ORONO, Maine — The University of Maine’s General Student Senate has joined the fray to oppose a bill circulating in the Maine Legislature that would require voters to present photo identification at the polling place.
UMaine’s 35-member student government passed a resolution early last week censuring a bill that it feels unfairly targets college students in particular by restricting their voting rights. The resolution garnered nearly unanimous support, and allowed the student senate to send a letter explaining its reasoning to both Gov. Paul LePage and state lawmakers in both houses.
The resolution, said Caleb Rosser, 22, a third-year political science student who proposed the measure, is specifically aimed at legislation being sponsored by Rep. Richard Cebra, R-Naples, that would require a voter to show a form of government-issued identification that lists a residence located within the voting district.
For Rosser, and the student senators who sponsored the resolution, the problem with such a provision for college students is the nature of their living arrangements. If such a requirement were to become law, because students maintain both on and off-campus housing, they may be forced to renew their identification yearly — something Rosser says is akin to a poll tax, due to the costs associated with renewing one’s identification.
“By sending this to Maine leaders in Augusta, I hope that we can get some assurances that students’ access to voting won’t be unnecessarily abridged,” Rosser said in an e-mail of the letter. “I hope our resolution, and the accompanying letter, will let the sponsors and co-sponsors of the bill know that we as students have some concern about these proposals.”
Maine has long made voting an easy process for its residents, especially in comparison to other states. Currently, state law permits same-day registration, so unregistered voters can fill out a voter registration card minutes before being handed a ballot. Rosser and other student senators feel the ease of the current law allows young college voters who split their time between two cities or states to make it to the closest polling place at election time.
Without it, Rosser said, young voters may be discouraged from voting at all if they are forced to travel back to their hometowns or pay a fee to update their photo identification in order to vote.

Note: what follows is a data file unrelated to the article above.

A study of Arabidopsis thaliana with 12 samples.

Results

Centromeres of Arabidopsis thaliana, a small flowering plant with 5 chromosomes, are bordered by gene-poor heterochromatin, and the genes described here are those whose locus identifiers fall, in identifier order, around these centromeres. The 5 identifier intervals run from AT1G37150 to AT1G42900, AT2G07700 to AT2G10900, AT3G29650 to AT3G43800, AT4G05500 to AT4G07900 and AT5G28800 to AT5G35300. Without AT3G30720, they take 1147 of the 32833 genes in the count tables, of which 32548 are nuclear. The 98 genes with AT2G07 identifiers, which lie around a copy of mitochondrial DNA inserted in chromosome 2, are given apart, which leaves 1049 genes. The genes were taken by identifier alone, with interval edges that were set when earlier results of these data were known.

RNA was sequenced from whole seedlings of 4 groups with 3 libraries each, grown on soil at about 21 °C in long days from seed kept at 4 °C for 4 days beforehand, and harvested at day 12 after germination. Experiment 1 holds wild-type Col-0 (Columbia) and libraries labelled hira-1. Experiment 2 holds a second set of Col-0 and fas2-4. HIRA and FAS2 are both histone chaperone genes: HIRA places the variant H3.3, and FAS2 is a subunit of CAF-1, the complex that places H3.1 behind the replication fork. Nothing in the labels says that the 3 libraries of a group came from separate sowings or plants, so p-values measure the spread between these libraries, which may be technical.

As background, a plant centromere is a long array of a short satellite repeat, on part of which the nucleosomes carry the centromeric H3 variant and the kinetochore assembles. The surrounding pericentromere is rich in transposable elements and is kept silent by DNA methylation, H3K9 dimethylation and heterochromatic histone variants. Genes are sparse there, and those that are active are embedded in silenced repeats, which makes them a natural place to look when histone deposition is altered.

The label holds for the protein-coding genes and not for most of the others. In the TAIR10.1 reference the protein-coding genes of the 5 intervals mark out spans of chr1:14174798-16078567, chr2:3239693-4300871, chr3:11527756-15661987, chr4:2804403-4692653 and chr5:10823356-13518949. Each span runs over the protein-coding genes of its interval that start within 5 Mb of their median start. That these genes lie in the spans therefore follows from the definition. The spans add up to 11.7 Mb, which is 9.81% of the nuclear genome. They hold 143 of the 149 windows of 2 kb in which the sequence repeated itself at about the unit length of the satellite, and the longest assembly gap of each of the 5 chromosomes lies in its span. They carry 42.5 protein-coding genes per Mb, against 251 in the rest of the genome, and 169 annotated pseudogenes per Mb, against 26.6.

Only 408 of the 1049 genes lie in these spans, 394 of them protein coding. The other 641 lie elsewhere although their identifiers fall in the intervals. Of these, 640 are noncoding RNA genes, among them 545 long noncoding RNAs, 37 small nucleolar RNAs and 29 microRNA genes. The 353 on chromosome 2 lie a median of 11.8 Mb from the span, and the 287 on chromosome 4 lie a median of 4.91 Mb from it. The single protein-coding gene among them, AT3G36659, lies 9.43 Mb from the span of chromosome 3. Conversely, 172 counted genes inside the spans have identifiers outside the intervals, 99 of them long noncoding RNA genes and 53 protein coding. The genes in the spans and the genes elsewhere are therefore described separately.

Furthermore, the proposed legislation is being co-sponsored by 83 lawmakers, none of whom are Democrats. This fact prompted student senators at UMaine to wonder if Maine’s Republican-controlled Legislature was “colluding” to undermine college students’ impact on elections and public policy, as their vote often means support for the Democratic Party.
But lawmakers including Cebra argue it is their duty to do everything in their power to preserve and protect the democratic process. Cebra said in an interview with The Associated Press last week that this means both securing and verifying who the voters are, and who is getting on the ballot.
Requiring photo identification at the polling place is not uncommon; 27 other states have laws similar to the one being proposed in Augusta. Sponsors of the legislation have cited factors from voter fraud to the costs associated with town clerks, who take time to verify a voter’s status after a ballot is received, as arguments for its passage.
But Rosser and his colleagues at UMaine, along with other critics of the legislation, say Maine does not have a problem with voter fraud. They also contend that the costs of implementing the change would outweigh any potential benefits.
Secretary of State Charlie Summers, who supports the bill, has said in the past that he favors gradually phasing in any new law that would require photo identification. The language of the bill would also provide free identification to anyone in need.
On Friday, Cebra and members of the Legislature’s Veterans and Legal Affairs Committee were hearing testimony on the bill and strongly considering many of the claims against it, such as those raised by college students such as Rosser, according to an aide in Cebra’s office.
“The best-case scenario,” Rosser said, “is students get a seat at the table to discuss this issue. That’s my hope with this resolution.”